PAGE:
Having never seen any theatre for this type of audience before, but having had it explained to me by Replay's Creative Director (Janice Kernoghan), I was excited to finally get to witness this very special and specific type of performance.
- A child's physical faculties - they may not be able to walk, or sit up unaided
- Their cognitive processes - it may take them longer to process information that other children their age
- Their communication - they may not be able to speak, or react in 'usual' ways to stimulus.
As such these audiences often aren't able to access traditional theatre experiences and the skill set required to work with them is very specialised.
The main tools of this kind of immersive theatre that I was expecting to see were:
- One to one performer/ audience interaction
- Kinaesthetic, visual, oral, aural stimulus
- Intensive Interaction - where the performer responds to the behaviour of the child
The 'play' takes place in a hydro-pool. Three actors, up to three children and a supportive adult for each child are in the pool. This allows each actor to focus on one child and gain the all important intensive interaction (something I will be learning about in greater detail later in the training year).
Janice Kernoghan had explained to me previously that Replay Theatre is about creating theatre that has at it's heart the experience for the audience member. In the rehearsal/ development stage the company look at the kinds of experiences they can create for their audience members, focusing primarily on what it is that gets a reaction. In this way, the 'play' differs from traditional theatre, in that the story is secondary to the experience. Oily Cart (leaders in this type of performance) would even say the story is unnecessary. As a storyteller this concept is foreign to me. So I was interested to see how Into the Blue would work.
It was a beautiful twenty minute piece of performance.
The children were brought into the pool, where the actors were waiting, dressed in full costume that reminded me of the type of thing you see at the Cirque del Soliel:. watery body costumes covered in swirls and different shades of blue. Certainly a treat for the eyes. The play began with beautiful harmonised singing as the performers honed in on their audience members and began to interact. Taking their cues from the children they played with the water, swirling it with their arms and lifting handfuls and letting it drip back into the pool. If the child was amenable to it, they let the water drip onto the skin of the child. The singing progressed into different soundscapes. At one point the performers got colanders and made waterfalls around the children. This progressed into pouring the water onto the children's skin. All the time continuing to sing beautiful harmonies. At one point they sang one child's name, whilst holding a mirrored ball up to the child's face. The children seemed to love this.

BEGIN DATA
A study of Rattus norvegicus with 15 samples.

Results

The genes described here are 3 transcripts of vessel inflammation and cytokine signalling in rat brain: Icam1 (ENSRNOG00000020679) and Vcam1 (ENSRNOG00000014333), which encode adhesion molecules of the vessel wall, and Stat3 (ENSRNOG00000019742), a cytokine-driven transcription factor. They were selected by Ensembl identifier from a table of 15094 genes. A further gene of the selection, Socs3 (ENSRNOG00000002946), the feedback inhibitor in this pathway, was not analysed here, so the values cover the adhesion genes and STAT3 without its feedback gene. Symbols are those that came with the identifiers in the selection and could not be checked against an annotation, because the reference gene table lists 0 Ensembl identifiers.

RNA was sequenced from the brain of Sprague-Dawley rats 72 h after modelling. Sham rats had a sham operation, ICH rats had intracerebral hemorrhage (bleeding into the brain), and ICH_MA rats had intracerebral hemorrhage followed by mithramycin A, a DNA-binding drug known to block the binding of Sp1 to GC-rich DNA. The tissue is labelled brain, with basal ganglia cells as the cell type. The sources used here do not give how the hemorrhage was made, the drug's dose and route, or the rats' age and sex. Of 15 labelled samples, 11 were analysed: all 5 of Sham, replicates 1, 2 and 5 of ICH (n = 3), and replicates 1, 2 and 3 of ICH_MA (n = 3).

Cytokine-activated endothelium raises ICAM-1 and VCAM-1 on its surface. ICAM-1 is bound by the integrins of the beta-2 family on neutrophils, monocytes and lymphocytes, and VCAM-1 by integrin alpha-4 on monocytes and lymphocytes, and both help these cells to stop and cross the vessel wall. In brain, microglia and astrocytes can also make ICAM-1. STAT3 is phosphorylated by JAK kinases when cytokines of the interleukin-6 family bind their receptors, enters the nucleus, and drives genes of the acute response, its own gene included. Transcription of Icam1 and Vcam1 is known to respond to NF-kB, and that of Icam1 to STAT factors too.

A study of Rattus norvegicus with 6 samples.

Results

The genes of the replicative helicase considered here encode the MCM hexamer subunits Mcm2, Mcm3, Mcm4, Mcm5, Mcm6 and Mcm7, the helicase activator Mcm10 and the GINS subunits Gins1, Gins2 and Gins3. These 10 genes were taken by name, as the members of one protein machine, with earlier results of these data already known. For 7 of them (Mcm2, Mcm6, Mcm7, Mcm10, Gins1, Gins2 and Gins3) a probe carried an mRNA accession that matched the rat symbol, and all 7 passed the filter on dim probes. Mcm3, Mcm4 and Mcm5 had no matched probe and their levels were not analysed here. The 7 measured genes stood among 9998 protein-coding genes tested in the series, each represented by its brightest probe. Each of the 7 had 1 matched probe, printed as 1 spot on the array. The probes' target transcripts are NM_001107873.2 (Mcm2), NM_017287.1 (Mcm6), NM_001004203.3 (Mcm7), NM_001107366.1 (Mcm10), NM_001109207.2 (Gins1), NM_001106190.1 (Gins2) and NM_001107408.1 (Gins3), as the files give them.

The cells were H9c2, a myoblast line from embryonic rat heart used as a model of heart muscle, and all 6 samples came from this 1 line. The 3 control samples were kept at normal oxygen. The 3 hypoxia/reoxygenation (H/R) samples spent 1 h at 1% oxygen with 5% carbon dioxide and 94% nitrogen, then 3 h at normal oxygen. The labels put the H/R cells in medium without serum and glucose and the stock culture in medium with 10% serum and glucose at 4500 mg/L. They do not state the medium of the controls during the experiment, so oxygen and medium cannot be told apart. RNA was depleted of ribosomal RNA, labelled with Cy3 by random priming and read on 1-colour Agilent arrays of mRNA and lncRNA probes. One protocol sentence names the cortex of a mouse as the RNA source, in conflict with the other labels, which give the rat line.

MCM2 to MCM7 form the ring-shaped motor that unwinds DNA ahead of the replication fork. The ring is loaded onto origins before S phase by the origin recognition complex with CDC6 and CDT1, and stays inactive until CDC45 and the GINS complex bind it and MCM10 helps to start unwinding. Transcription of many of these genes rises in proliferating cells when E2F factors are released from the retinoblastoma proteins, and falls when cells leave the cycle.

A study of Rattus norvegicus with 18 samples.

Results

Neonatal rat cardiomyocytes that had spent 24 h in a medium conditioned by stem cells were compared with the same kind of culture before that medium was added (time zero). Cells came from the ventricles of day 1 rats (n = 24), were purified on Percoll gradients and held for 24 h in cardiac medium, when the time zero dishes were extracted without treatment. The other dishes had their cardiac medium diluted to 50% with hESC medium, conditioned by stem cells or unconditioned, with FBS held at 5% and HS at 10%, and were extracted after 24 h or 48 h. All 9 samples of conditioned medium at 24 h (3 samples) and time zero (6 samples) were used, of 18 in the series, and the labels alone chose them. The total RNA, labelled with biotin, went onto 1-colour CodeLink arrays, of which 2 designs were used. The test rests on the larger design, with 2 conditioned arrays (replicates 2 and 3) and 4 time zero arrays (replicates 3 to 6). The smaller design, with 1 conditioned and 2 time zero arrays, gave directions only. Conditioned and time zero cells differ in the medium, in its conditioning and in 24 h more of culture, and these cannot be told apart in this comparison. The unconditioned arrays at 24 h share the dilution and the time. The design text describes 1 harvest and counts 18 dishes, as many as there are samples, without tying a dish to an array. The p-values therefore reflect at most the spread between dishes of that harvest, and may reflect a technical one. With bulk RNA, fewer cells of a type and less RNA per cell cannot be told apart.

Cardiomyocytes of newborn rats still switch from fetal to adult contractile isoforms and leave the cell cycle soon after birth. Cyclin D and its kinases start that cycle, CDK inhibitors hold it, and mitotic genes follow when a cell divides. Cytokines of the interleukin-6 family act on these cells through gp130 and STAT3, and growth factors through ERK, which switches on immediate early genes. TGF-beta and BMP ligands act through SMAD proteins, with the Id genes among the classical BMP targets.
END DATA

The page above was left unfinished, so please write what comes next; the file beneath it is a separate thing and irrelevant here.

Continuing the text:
What I saw was complex simplicity. Although it it sounds as though they weren't doing much, the thought, input and focus was intense. The actors were completely tuned into the children, making sure that their experiences were at all times as relaxing and enjoyable as they should be. The harmonised voices created a magical environment, almost as if they were in the water with ethereal mermaids or water nymphs. Watching the children respond was a privilege and joy. Especially when I learned that most of the children coming into the pool had high levels of anxiety. You could see them unwinding during the performance.
Anna Newell, the show's director, had mentioned to me before the show that a question she can be asked is "what makes this theatre and not just a workshop." And it's a good question. The activities that make up the show could be similar to those used in a workshop and with the lack of a story/ narrative it would certainly push boundaries. She told me it was the environment created by the sound. The flow and the magic of the soundscape made this more of an immersive theatre experience/ performance, than simply a workshop. Anna mentioned that in workshops you might say: "OK and now we're going to..." which breaks the illusion of the journey and theatrical experience. Whereas in Into The Blue the sound continues throughout and the feeling of the experience having an 'end' was very clear.
Wikipedia defines Theatre as: a collaborative form of fine art that uses live performers, typically actors or actresses, to present the experience of a real or imagined event before a live audience in a specific place.
Into The Blue certainly did that. The real or imagined event may not have been clear to me - although I'm sure I could have asked if I needed to know what it was - but it was certainly an experience that was very real for it's audience members. And that, at the end of the day, is what matters in this type of performance.
Perhaps that is my first take away point - to always ask, What experience is the audience member getting from this?
Today has been fantastic start on my journey to understand the shape and techniques used for a performance for a PMLD audience. I look forward to learning, reflecting and engaging more over the coming year.
Into The Blue is directed by Anna Newell (former creative director of Replay) with Andrew Stanford (Replay's interim SENCo), Kerry Cleland, Doireann McKenna performing and music from composer David Goodall. They are touring Northern Ireland special schools throughout October and November 2016.